Ski patrols discuss avalanche safety through the spring season

There has been a persistent weak layer of snow in the Rocky Mountain West throughout the entire winter season
Published: Mar. 4, 2021 at 4:59 PM MST

Even though the weather is starting to warm up, the avalanche danger is still considerable.

As many plan to hit the slopes this spring season, it is important to be safe.

“Sometimes, they do get injured, they’ll ding a shoulder, they’ll sprain a knee, they’ll sprain a wrist, so we are there to help them,” said Marc Lopshire, the ski patrol director for Magic Mountain Ski Resort.

All of the ski patrollers at Magic Mountain are volunteers, and they are dedicated to helping someone if they get hurt.

Every ski patrol member is required to volunteer a minimum of 10 days on the mountain a year.

“We just ask that you be fit, you have all your stuff, you can ski or snowboard, tow a 75-pound sled, and then once we put a 150-pound person in it, you can tow that down so we can care for those injured individuals,” Lopshire said.

While avalanches are not common in the South Hills, the danger is prominent in higher elevations around the Western United States.

“There has been a higher than average amount of avalanche incidents, where humans were involved with the avalanche,” said Amy David from the Sawtooth Avalanche Center in Sun Valley. “Then a higher amount of actual deaths in North America this year by quite a large amount.”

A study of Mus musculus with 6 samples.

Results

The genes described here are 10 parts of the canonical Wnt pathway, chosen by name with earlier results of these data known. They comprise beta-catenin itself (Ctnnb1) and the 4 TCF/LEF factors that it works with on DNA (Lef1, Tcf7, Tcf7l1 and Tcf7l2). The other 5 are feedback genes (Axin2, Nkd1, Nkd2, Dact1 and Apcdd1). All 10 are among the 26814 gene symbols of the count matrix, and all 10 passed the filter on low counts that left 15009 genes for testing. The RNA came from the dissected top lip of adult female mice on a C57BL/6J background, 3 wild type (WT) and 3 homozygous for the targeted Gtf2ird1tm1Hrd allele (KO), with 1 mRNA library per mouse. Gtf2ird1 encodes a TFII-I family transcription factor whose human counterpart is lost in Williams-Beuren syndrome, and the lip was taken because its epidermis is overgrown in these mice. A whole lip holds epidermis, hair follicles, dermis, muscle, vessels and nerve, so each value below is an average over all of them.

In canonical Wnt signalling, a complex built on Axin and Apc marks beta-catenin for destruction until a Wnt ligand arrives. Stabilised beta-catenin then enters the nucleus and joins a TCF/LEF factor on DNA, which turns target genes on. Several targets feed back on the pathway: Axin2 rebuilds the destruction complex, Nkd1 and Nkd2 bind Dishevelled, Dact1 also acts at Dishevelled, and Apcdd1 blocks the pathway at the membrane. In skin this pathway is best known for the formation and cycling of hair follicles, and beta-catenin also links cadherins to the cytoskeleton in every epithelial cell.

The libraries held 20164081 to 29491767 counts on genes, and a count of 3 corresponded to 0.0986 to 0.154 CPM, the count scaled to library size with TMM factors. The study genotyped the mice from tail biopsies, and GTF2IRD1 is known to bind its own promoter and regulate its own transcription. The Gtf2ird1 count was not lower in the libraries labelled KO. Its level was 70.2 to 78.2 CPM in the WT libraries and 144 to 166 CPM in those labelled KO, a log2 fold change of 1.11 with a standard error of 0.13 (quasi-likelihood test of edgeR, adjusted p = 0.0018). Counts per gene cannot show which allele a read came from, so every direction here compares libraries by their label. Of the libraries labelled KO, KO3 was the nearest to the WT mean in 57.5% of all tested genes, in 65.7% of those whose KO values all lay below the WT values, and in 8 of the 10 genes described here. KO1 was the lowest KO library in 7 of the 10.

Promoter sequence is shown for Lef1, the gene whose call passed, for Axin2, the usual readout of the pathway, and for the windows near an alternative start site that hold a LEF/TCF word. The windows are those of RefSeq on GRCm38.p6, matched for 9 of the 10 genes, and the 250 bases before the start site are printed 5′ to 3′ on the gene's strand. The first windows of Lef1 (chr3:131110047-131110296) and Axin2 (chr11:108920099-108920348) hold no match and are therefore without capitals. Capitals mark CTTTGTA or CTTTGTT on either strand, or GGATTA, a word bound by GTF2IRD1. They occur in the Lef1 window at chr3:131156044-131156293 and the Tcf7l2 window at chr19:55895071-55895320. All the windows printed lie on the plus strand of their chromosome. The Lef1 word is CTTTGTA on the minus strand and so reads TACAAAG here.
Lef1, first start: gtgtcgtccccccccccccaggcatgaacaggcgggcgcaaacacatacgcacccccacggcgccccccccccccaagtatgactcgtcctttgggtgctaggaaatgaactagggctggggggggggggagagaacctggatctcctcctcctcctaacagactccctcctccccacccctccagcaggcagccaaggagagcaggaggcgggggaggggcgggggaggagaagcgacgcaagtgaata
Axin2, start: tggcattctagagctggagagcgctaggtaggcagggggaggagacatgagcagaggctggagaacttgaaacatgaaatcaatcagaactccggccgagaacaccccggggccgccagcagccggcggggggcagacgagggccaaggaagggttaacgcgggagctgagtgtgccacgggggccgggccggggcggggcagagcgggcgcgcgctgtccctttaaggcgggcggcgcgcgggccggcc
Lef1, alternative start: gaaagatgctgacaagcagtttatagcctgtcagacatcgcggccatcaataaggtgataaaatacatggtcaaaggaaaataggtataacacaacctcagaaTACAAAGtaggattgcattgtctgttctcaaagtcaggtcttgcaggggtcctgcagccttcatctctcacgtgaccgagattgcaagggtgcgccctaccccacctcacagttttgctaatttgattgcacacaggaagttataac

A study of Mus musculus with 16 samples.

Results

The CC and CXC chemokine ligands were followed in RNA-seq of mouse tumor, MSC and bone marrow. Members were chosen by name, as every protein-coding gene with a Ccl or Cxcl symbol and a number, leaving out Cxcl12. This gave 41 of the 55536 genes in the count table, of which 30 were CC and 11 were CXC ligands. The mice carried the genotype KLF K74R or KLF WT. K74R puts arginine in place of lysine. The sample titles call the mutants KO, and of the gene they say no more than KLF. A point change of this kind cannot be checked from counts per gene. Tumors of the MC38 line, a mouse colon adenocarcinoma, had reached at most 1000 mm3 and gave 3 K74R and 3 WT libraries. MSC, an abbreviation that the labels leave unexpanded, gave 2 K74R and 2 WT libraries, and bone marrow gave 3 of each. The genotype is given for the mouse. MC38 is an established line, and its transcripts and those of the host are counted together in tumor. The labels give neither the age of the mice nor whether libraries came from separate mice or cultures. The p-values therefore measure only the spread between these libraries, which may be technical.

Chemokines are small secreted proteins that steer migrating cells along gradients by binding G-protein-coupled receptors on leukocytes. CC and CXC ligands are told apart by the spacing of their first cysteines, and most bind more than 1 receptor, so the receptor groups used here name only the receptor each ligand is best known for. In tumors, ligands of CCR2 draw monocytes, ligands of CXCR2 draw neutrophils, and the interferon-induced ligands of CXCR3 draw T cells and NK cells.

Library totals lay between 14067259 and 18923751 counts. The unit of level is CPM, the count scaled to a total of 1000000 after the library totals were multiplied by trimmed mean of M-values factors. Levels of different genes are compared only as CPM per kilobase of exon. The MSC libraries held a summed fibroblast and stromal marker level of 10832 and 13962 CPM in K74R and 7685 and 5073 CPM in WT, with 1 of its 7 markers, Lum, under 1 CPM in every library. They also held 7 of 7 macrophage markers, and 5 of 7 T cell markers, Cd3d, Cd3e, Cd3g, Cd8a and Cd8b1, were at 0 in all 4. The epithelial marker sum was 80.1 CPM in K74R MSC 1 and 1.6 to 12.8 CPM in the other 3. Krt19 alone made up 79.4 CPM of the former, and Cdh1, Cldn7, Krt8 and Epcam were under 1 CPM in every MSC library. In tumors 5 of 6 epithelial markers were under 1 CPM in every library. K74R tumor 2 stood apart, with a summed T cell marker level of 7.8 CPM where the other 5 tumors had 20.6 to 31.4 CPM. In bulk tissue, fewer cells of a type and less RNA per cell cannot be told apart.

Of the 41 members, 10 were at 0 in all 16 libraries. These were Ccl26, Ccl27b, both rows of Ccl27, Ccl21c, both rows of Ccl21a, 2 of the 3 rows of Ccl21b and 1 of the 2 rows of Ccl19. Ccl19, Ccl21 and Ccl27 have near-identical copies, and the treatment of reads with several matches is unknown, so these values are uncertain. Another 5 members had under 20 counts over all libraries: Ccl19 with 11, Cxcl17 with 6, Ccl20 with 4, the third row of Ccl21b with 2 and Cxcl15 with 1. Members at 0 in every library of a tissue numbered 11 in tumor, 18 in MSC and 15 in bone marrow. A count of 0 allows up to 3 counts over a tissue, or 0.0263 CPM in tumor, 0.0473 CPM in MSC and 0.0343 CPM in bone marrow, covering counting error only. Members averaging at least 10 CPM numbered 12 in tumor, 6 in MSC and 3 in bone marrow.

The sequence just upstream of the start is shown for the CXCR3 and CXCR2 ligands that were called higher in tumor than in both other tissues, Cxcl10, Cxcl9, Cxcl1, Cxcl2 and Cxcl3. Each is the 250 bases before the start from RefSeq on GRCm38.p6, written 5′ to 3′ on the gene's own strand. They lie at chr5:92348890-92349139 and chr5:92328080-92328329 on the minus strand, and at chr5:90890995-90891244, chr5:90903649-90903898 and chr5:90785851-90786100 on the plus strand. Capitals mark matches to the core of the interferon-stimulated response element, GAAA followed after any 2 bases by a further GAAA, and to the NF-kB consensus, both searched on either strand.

There has been a persistent weak layer of snow in the Rocky Mountain West throughout the entire winter season.

“But it doesn’t go away and now it’s a deep persistent layer, and maybe that deep avalanche is less likely, but if it does slide,” David said. “It could be catastrophic and unsurvivable, if someone was caught in an avalanche with that deep persistent weak layer.”

David warns ski patrol can only keep people safe within resort boundaries.

When venturing into the wilderness areas, it is vital to have the right tools.

“Or you want to make sure you at least have this at minimum for your safety equipment going into the backcountry, and that would be a transceiver, a shovel and a probe,” David said.

Every ski patrol guide on the mountain has taken the same 4-month training course before they are able to hit the slopes.

Ski patrol guides at larger resorts where avalanches are more common are also trained in avalanche mitigation efforts.

The Sawtooth Avalanche Center offers courses and training classes for the public.